Hayden's Treyben Letlow celebrates being crowned the 215-pound Class 2A state champion at the state tournament in Denver earlier this year. Letlow was named the Steamboat Pilot & Today's athlete of the year.

Photo by Joel Reichenberger

Hayden's Treyben Letlow celebrates being crowned the 215-pound Class 2A state champion at the state tournament in Denver earlier this year. Letlow was named the Steamboat Pilot & Today's athlete of the year.

Treyben Letlow named Steamboat Pilot & Today's athlete of the year


■ 71-match wrestling winning streak

■ 3-time state wrestling medalist

■ 2-time state wrestling champ at 215 pounds

■ 16.5 tackles per game in football

■ 9 touchdowns as a senior

Past winners

■ Steamboat Pilot & Today Male Routt County Athletes of the Year:

2008: Ramsey Bernard, Steamboat Springs High School

2009: Alex Wood, Steamboat

2010: Alex Estes, Soroco High School

■ Female Routt County Athletes of the Year:

2008: Holli Salazar, Hayden

2009: Holli Salazar, Hayden

2010: Colleen King, Steamboat

Any discussion of recently graduated Hayden High School senior Treyben Letlow, the Steamboat Pilot & Today 2011 Male Routt County Athlete of the Year, almost always turns to his full four-year prep career.

Talk about his football acumen and it’s natural to mention that he was a four-year starter for the Tigers, that he caught the game-winning touchdown pass in a playoff game when he was a freshman and that he played seemingly every position at some point.

It’s impossible to mention his wrestling career without pointing first to his sophomore season, when he finished third in 215-pound division at the Class 2A state wrestling meet and started a winning streak that would never be snapped.

Letlow wasn’t chosen as the county’s best high school athlete from the past year as a career honor, however. As great as he was for three years, he was better as a senior.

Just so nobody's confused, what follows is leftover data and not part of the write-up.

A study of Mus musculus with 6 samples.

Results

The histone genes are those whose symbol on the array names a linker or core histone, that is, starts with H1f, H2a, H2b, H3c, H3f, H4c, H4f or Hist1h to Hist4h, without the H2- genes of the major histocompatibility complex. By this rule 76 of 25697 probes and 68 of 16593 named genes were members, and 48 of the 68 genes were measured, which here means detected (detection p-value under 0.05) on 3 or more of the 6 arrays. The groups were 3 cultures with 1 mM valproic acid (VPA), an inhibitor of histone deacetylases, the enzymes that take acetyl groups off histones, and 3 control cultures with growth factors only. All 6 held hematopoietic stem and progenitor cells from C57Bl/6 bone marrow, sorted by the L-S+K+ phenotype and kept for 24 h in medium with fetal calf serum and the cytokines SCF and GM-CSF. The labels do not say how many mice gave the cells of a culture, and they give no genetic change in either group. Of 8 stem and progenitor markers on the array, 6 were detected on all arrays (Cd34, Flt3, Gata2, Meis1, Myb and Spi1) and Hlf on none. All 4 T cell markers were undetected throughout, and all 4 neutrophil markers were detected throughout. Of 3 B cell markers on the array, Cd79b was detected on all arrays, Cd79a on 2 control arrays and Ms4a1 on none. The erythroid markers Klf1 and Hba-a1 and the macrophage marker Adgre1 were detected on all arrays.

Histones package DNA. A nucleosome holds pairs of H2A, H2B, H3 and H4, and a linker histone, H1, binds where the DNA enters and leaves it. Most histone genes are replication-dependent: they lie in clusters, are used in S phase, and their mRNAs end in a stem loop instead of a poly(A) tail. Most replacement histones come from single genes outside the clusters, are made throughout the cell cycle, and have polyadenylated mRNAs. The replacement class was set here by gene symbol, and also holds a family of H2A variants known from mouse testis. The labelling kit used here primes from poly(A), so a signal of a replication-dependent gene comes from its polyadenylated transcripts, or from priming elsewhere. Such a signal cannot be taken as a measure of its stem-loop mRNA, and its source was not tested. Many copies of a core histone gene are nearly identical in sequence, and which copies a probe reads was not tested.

In football, he played tight end, defensive end, fullback and even cornerback for one game. He was best in his senior year at linebacker, however, where he wreaked havoc. His average of 16.5 tackles per game was the best in the state. He wasn’t bad as a tight end, either, where he led the team in receiving and was second in scoring.

Along with a tremendously talented senior class, he helped the Tigers reach the state quarterfinals for the second time in four seasons.

“He understands football. He’s a student of the game,” Tigers’ coach Shawn Baumgartner said. “He would call me on a Saturday while he’s watching a game and say, ‘Hey, you see that play they ran? Can we work on that?’ He’ll just break a game down, and he’s always thinking.”

Letlow may have stood out even more in wrestling, where he won 71 consecutive matches and in February won his second consecutive state championship at 215 pounds.

He won each of his state matches this year via pin and capped off his two-plus-year tour-de-force in typical fun Treyben style, blowing the smoke away from two imaginary pistols.

The wrestling feat as much as anything showcased Letlow’s dedication. As great as he was on the mat, the sport always came in second for him, behind football, which he’ll continue to play as a tight end next year at Colorado State University-Pueblo.

Asked to offer advice for a young athlete entering high school as wide-eyed as he was four years ago, Letlow replied with the directness that made him one of Routt County’s best.

“I’d suggest they work harder than everyone else,” he said. “I did what I thought was going to be more than anyone else. When I thought people were lifting three days a week, I decided to lift five days a week.

“I just like to compete. I definitely don’t like losing, and when I get into practice, I always give it my all.”